Our daughters were really fortunate because when they were little, and we each had to return to work after our long (but not long enough) maternity leaves, they were cared for by our parents during the day. The love of grandparents is so special, and we are forever grateful that our girls had the opportunity to be coddled and cuddled by them, and chased around the house, and back yard, and park by them, yielding spoons and bowls of food. That’s love!
One of the things that our parents would always try to have our kids eat was eggs. If they managed to have them eat an egg a day (cholesterol is apparently for adults to worry about), then they felt accomplished and good! Although our parents have taught us that there are many ways to enjoy eggs, such as fried in olive oil (yum!), in an omelette, or mixed in with sausage and vegetables, they of course knew that little mouths were much more suited to soft boiled eggs. Avgo melato (Αυγό μελάτο) was usually a mid-morning snack and was eagerly consumed, particularly by their oldest grand-daughter. In fact, when she realized that she had eaten her entire egg, she cried. Real tears would roll down her rosy, chubby cheeks, her lips would quiver and she would sweetly blubber and protest the fact that her egg was done. Can you guess what our parents did next?
Have you noticed how many varieties of eggs there are in the grocery stores and markets these days? It can easily get confusing. When purchasing eggs we tend to buy the ones identified as large; this is the size usually used for baking, and they are the perfect portion size. As well, we try to purchase eggs from farms where we know that the chickens are well treated and healthy. Incidentally, the colour of your shell makes no difference to the quality or taste of your egg.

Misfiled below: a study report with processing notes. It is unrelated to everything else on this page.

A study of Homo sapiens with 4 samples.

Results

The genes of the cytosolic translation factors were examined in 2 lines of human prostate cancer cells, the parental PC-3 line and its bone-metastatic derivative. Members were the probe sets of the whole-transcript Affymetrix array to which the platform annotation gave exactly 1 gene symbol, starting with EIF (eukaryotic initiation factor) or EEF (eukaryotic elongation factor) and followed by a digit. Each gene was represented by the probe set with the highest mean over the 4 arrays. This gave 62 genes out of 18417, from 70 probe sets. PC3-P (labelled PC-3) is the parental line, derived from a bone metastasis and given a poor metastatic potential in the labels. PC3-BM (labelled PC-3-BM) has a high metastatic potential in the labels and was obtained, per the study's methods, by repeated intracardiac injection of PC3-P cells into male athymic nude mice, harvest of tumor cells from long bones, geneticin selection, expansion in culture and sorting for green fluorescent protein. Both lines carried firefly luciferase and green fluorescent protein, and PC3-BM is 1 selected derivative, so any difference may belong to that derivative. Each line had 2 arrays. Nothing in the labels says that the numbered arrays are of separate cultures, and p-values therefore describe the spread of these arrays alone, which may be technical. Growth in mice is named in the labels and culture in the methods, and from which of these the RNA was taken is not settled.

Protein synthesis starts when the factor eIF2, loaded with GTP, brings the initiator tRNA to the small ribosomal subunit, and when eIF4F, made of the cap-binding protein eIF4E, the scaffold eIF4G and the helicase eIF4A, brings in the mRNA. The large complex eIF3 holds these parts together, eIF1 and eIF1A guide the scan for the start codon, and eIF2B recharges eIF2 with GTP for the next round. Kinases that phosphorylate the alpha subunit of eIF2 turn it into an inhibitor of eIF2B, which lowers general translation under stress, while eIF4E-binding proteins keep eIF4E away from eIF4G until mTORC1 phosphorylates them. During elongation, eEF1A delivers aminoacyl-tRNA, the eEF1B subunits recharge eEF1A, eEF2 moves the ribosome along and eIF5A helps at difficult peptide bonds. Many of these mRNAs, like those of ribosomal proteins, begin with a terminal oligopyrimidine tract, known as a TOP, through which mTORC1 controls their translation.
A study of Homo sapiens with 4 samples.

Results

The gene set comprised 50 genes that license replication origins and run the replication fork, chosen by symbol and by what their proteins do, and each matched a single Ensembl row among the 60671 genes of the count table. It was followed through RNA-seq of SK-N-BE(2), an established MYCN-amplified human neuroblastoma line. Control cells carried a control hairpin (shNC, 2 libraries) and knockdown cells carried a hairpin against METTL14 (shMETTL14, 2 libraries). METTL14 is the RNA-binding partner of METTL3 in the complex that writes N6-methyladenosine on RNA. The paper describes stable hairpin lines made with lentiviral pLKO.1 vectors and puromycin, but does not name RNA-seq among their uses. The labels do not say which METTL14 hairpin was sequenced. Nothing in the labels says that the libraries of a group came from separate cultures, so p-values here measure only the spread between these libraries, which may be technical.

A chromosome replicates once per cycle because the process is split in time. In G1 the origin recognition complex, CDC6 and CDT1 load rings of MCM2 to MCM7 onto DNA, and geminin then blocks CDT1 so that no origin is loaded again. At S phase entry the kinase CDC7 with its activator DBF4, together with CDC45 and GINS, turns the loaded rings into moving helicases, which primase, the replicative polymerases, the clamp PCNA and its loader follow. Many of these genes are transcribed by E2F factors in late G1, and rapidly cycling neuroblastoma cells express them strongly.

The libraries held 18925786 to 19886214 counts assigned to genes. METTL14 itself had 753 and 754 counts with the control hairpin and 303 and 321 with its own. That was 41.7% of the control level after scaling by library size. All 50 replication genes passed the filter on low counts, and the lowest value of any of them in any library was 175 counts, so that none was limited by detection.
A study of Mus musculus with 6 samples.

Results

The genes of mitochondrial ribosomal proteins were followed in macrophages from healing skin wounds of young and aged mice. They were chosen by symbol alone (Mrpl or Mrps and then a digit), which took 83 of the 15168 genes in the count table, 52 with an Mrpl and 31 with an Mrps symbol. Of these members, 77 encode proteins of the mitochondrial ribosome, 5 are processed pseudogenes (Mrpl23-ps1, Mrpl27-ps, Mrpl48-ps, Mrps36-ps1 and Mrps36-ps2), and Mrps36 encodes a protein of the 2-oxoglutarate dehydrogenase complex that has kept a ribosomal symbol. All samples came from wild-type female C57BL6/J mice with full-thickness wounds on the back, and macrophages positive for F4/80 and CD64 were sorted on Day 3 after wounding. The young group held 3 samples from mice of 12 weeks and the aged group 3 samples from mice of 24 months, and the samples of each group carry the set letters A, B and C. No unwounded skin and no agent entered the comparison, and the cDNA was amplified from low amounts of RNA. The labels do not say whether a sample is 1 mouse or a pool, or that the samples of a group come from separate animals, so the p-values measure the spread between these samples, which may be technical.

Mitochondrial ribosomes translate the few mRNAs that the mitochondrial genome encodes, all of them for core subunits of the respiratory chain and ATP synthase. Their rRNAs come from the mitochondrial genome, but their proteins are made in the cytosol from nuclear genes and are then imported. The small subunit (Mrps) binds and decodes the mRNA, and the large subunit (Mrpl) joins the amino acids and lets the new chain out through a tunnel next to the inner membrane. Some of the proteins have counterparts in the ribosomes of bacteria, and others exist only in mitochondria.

Having eggs crack while they are cooking is so discouraging. We have found that bringing the water to boil while the egg is in the pot is one way to reduce the amount of breakage; so is starting off with eggs that are at room temperature. We have also heard that adding salt to the water and inserting a metal spoon into the bottom of the pot are good techniques as well. We’re not sure that any of these has been proven without a doubt, but they are worth a try.
The directions below are for a soft-boiled, 3-minute egg. If you’re in the mood for a hard-boiled egg, head on over to our previous blog post and read how delicious these are with some Greek toppings! Check out the recipe for Greek-style hard-boiled eggs here!
You could definitely top your soft-boiled egg with some salt and pepper, but we actually prefer it without. What we do love however, is to eat our soft-boiled eggs with toast, lightly buttered. Delicious!
Mia Kouppa: Soft boiled egg
- 1 large egg
- Salt and pepper to taste, optional
- Toast, buttered (optional, but highly recommended)
- Place your egg in a small pot of water and bring to a boil. When your water starts boiling, reduce the heat to medium and cook for 3 minutes.
- Remove your egg from the hot water and submerge it in a bowl of cold water until it is easy to handle.
- Using the back of a butter knife, carefully crack the shell about 1/3 of the way down from the pointy end of your egg. Carefully remove the upper portion of the shell.
- Enjoy your soft-boiled egg with a small spoon and some buttered toast cut into thin strips, thin enough to be dunked into your egg yolk. Enjoy.